The Level of Control You Want to Maintain Over Your Assets is What Drives The Need For a Trust


When people start thinking about estate planning, they essentially think of what will happen to their assets and loved ones at the time of their death. As such, the majority of people will compose a last will and testament and leave it at that. However, it is a good idea to also create a living trust. A living trust allows you to have control for your assets while you are still alive. It also protects you in the event that you should become incapacitated and unable to make a sound decision.

A living trust is a legal and binding document in which you, the grantor, determines a trustee for your assets. The trustee will then handle your assets in the event of your death, or should you become incapacitated. A living trust is beneficial in that it prevents your personal and financial records from becoming public property after your death. Also, a living trust is not subject to probate.

A revocable living trust allows you to make changes while with an irrevocable living trust, you surrender the title of the assets to your legally appointed trustee. Most people opt for a revocable living trust, as it allows them to have control of their assets until the time of their death or in the event that they become incapable of making a reasonable decision. To determine which type of trust is best for you, you need to determine how much control you wish to retain over your assets.

Types of Trusts

  1. Generation-Skipping Trust (GST): This is recommended for those who wish to leave their assets to their grandchildren as opposed to their offspring.
  2. Irrevocable Life Insurance Trust (ILIT): An irrevocable life insurance trust is used for estate tax filing. You would make financial contributions to the trust which are then used to take out a life insurance policy in your name. In the event of your death, the benefits are then payable to the trust. This will then provide your beneficiaries with cash tax-free to help them make the estate tax requirements.
  3. Charitable Lead Trust (CLT): A charitable lead trust allows you to provide income to a charity appointed in your trust for a set period of time. After that time, the principal then be distributed to the beneficiary. They will then receive the property free from estate taxes.
  4. Charitable Remainder Trust (CRT) A charitable remainder trust provides you with the ability to receive both a tax deduction and income simultaneously for a set amount of time. The assets will then be donated to the designated charity. The trustee will then use donated cash to establish an annuity payable to your beneficiary for a predetermined period of time. After this time, any remaining assets will then belong to the charity.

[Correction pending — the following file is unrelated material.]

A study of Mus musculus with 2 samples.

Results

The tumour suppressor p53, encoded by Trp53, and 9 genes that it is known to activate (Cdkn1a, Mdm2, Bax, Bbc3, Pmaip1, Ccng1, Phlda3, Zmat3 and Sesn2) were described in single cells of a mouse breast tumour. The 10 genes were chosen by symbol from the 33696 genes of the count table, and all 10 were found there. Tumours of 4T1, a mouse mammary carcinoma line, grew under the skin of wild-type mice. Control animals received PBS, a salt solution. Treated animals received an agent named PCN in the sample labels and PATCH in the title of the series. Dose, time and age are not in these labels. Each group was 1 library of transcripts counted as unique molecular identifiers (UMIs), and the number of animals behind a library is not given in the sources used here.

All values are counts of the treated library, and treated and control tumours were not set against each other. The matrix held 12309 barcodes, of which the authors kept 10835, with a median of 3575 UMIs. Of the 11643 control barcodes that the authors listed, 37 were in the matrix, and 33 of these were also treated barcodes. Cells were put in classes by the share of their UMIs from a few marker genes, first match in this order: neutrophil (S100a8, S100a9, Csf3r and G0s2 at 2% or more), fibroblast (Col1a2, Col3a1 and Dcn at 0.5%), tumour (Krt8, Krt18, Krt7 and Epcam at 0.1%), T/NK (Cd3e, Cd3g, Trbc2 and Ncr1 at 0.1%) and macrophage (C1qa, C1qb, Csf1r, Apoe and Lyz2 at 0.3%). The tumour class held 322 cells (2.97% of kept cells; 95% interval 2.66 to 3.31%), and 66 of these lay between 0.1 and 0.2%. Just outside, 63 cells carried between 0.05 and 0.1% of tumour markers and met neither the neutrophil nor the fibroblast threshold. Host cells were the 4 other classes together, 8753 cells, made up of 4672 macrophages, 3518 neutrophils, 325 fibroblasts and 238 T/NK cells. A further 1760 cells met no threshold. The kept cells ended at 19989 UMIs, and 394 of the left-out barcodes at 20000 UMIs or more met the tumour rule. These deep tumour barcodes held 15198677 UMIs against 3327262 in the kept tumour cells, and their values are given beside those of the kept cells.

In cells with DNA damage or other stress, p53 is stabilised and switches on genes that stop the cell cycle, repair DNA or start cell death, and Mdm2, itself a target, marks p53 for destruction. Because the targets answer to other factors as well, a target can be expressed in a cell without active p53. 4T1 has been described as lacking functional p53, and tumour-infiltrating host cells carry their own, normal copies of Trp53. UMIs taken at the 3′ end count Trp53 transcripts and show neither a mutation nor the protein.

5. Qualified Personal Residence Trust (QPRT): A qualified personal residence trust gives you the ability to remove your personal residence from your estate at a discounted rate. You then are able to use the home for a set period. After that time, the ownership is then rendered to the trustee. Any incurred gift taxes will be discounted during this time.

Advantages of a Living Trust

  • Provides security for your trustee and beneficiaries
  • Avoids the probate process, estate taxes and income taxes
  • Provides for minors and those with special needs
  • Allow you to maintain privacy of your personal and financial records
  • Difficult to contest
  • Sets a plan in place in the event that you become incapacitated
  • Prevents the court from controlling the assets of your minor children

How to Determine How Much Control You Want to Maintain:

You should ask yourself the following questions if you are considering a living trust

  1. Is the purpose of your trust to provide for a minor or disabled loved one?
  2. Do your work in a field with a high risk of being sued?
  3. Are you establishing a trust solely to avoid the probate process or taxes?
  4. What are your future goals for your assets?
  5. What is your current financial situation?

Take these factors in mind when you are decided if you wish to establish a living trust. Remember, you only have power to make changes to the trust if you opt for a revocable trust.

When it comes time to set up a living trust, contact Tompkins Law at 1-714-385-0044. We have years of experience with estate planning and living trusts. We can help you determine which course is best for your personal and financial situation.

Planning for the future of your loved ones can be quite burdensome, so why not let us help you with the process? You can trust us to guide you in the right direction. Call us today for a free expert consultation.